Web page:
Preserving peace, more important, but ‘more complex’ than ever, while wars rage


“The number of violent conflicts is at its highest level since 1945 with dire human consequences, seen in record levels of forced displacement and global humanitarian needs.

“Peacebuilding is the responsibility of the entire UN system – as recognized in the landmark 2015 resolutions on peacebuilding architecture,” he told participants.

‘Unique approach’

“Our unique approach aims to build a foundation for peaceful societies by addressing the root causes and causes of conflict.”

The policy chief pointed to examples in the Central African Republic, where the Secretary-General’s Peacebuilding Fund is supporting the implementation of the 2019 Political Agreement for Peace and Reconciliation through enhanced efforts to prevent violence in Bambari, in collaboration with multiple UN and civil society organizations .

In the troubled and sprawling Kasai region of the Democratic Republic of Congo, where the UN peacekeeping mission MONUSCO is coming to an end, the Fund has supported efforts to reintegrate nearly 500 ex-combatants.

Since 2018, the Secretary-General’s reports have presented many and different options to increase, restructure and better prioritize funding for UN peacebuilding activities, and “some progress has been made,” he stressed.

Voluntary contributions to the Fund have increased, allowing it to invest $195 million in 2021.

UN photo/Manuel Elias

Volker Türk, Deputy Secretary-General for Policy of the Executive Office of the Secretary-General, addresses the General Assembly high-level meeting on Peacebuilding Financing.

Investment ‘insufficient’ so far

“But progress is not enough,” he warned.

The allocation targets have been lowered over the past three years due to a lack of funding, and the UN is significantly short of the “quantum leap” needed, to $500 million a year.

“The Fund also remains completely dependent on voluntary contributions from a small number of donors. By contrast, prevention and peacebuilding needs continue to grow. Demand for support consistently exceeds resources.”

Funding, he added, is a “critical factor” in the pursuit of more effective peacebuilding, “and the money is there.”

Figures released earlier this week showed global military spending hit an all-time high last year, crossing $2 trillion for the first time.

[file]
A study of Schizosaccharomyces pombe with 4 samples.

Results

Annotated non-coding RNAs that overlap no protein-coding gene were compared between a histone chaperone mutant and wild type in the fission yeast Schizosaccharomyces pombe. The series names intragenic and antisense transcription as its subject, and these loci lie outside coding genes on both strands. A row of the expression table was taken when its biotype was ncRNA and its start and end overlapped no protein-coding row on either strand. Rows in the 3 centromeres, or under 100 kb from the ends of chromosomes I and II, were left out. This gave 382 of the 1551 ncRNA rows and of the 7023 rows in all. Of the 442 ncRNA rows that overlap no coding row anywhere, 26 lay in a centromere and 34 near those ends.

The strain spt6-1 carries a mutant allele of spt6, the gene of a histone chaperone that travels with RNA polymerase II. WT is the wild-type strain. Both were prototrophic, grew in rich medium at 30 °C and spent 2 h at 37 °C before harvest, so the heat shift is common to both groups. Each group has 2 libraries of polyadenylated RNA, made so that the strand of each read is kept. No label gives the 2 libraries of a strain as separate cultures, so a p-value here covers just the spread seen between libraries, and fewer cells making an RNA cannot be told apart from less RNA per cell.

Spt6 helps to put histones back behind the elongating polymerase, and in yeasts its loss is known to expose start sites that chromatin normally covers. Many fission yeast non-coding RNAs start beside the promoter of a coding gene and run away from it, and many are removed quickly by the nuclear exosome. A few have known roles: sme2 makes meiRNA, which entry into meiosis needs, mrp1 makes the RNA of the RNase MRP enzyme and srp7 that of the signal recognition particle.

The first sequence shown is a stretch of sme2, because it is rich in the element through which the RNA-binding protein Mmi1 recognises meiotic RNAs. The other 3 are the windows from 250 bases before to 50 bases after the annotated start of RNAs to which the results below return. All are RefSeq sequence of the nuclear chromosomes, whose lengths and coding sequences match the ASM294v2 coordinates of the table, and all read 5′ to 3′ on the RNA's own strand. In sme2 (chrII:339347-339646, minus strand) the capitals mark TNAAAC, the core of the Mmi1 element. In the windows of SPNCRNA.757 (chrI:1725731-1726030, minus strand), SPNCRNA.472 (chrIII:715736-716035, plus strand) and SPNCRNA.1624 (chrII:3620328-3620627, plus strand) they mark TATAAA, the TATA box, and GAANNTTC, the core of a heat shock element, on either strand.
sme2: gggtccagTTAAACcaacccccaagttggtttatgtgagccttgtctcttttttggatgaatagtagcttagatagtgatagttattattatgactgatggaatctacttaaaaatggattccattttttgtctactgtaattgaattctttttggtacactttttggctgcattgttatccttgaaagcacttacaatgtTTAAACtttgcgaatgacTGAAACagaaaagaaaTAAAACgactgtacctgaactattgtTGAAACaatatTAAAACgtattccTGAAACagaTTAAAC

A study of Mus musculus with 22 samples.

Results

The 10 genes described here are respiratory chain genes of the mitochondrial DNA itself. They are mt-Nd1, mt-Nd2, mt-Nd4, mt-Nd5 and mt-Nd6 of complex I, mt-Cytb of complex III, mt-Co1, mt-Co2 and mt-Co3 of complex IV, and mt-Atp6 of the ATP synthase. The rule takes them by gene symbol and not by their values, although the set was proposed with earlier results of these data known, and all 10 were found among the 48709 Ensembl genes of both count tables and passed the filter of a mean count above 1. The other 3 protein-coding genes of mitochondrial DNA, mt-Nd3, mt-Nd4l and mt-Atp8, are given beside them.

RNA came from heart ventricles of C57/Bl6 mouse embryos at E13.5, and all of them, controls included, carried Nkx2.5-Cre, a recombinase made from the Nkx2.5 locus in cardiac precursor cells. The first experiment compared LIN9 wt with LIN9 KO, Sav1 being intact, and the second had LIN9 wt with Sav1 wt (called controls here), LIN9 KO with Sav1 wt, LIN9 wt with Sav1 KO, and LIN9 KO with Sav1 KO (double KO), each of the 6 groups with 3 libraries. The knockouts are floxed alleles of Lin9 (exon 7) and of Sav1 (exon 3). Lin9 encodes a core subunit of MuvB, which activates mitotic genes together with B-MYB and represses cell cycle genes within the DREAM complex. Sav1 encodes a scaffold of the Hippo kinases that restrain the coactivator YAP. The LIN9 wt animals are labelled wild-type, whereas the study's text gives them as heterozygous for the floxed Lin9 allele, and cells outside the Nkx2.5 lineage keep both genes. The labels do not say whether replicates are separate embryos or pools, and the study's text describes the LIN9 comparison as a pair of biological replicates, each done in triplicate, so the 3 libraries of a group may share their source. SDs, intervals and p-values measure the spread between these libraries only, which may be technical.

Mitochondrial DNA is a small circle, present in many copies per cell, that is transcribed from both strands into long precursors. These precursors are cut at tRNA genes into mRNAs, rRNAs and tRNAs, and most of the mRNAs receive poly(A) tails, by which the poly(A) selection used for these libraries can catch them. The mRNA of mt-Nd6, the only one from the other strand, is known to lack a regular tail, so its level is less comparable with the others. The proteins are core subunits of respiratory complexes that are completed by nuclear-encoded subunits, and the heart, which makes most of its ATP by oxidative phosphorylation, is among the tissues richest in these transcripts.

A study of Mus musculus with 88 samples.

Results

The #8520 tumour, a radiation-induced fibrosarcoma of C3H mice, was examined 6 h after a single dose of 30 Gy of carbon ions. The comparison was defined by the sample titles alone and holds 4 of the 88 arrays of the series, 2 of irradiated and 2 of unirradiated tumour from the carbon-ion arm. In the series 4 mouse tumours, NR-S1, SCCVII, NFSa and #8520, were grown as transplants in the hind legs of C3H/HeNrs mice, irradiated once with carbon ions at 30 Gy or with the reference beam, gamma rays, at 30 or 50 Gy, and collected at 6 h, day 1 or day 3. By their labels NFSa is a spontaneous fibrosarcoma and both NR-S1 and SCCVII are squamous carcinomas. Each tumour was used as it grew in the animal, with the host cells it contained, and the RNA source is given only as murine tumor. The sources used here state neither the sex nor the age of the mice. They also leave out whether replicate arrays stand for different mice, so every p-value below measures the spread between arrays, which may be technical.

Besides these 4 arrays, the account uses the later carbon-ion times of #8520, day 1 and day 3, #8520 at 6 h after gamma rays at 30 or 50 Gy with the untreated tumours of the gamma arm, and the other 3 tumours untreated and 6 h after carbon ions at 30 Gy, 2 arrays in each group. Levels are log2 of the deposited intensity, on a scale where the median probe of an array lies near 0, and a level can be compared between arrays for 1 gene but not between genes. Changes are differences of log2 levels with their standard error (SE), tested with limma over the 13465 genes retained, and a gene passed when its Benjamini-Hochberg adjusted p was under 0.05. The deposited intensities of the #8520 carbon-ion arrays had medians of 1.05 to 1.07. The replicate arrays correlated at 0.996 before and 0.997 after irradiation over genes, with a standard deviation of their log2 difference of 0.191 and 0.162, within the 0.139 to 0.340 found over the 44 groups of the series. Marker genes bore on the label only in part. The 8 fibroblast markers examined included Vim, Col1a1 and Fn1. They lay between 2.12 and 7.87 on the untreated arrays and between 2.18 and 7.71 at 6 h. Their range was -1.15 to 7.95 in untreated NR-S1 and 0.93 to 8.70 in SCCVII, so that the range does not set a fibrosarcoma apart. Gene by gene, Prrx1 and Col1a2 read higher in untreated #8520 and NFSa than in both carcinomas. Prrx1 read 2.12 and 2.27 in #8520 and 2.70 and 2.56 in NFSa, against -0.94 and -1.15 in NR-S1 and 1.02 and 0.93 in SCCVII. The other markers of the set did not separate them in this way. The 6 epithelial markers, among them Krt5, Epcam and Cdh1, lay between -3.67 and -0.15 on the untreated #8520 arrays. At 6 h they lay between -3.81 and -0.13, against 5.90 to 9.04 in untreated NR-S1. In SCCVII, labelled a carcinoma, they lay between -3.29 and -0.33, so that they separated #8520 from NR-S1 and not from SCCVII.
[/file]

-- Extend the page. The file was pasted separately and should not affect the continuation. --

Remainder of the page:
Weapons in plowshares

“Countries that can afford record investments in weapons can afford to invest more in conflict prevention and resolution and peace building,” said Mr Türk.

The costs of conflict are unsustainable, he added, calling for new investment, as outlined in the report presented to the high-level meeting. Today, he said, was “an opportunity to get serious about the vital, focused work of peacebuilding”.

‘Woeful’ underfunding: Shahid

General Assembly Speaker Abdullah Shahid noted that only a small fraction of global resources spent on security and development were invested in peacebuilding.

“It remains woefully underfunded and under-resourced. To be clear, the goal of investing $500 million a year in the Peacebuilding Fund has not yet been reached.

“This financial divide weakens peacebuilding; funding is too unpredictable and inadequate for long-term programs… Not only is this counterproductive to our intentions, it’s fiscally shortsighted. Investing in peacebuilding could ultimately result in net savings of $5 to $70 billion,” he said.

He encouraged all member states to come up with solutions and make commitments, close the financial gap to prevent conflict and build the institutions necessary for long-term peace.

“I would like to remind Member States that peacebuilding is first and foremost a national challenge and responsibility,” he said. “National ownership is essential for success and sustainability. In that regard, national capacity development should be at the heart of all international peacebuilding efforts, including in the allocation of peacebuilding funding.

“Let’s show greater political will to ensure adequate, sustainable and predictable funding for peacebuilding and lasting peace.”

Bangladesh Ambassador Rabab Fatima addresses the General Assembly High Level Meeting on Peacebuilding Financing.

UN photo/Manuel Elias

Bangladesh Ambassador Rabab Fatima addresses the General Assembly High Level Meeting on Peacebuilding Financing.

‘Critical Challenge’

The chairman of the UN’s intergovernmental advisory body, the Peacebuilding Commission, Rabab Fatima, said the body chosen by the General Assembly to assist conflict-affected countries recognizes that “adequate, predictable and sustainable financing remains a critical challenge” .

The chairman, who is also Bangladesh’s ambassador to the UN, said the PBC was concerned that financial flows to conflict-affected countries “are under severe pressure”, especially in terms of ODA for peacebuilding.

“The challenge is especially acute for countries in transition,” she said, amid COVID-19 and government spending constraints.

“Given the socio-economic impact of the pandemic, in particular for conflict-affected countries, the Commission reiterates the need to ensure that recovery and sustainable development efforts are conflict-sensitive and promote peace-building, including through increased focus on prevention and reducing inequalities.”

She called for more work in support of the Women’s, Peace and Security, Youth, Peace and Security Agenda, and stressed the importance of “proper funding for peacebuilding”, including stronger partnerships with regional and sub-regional organisations. , together with international financial institutions.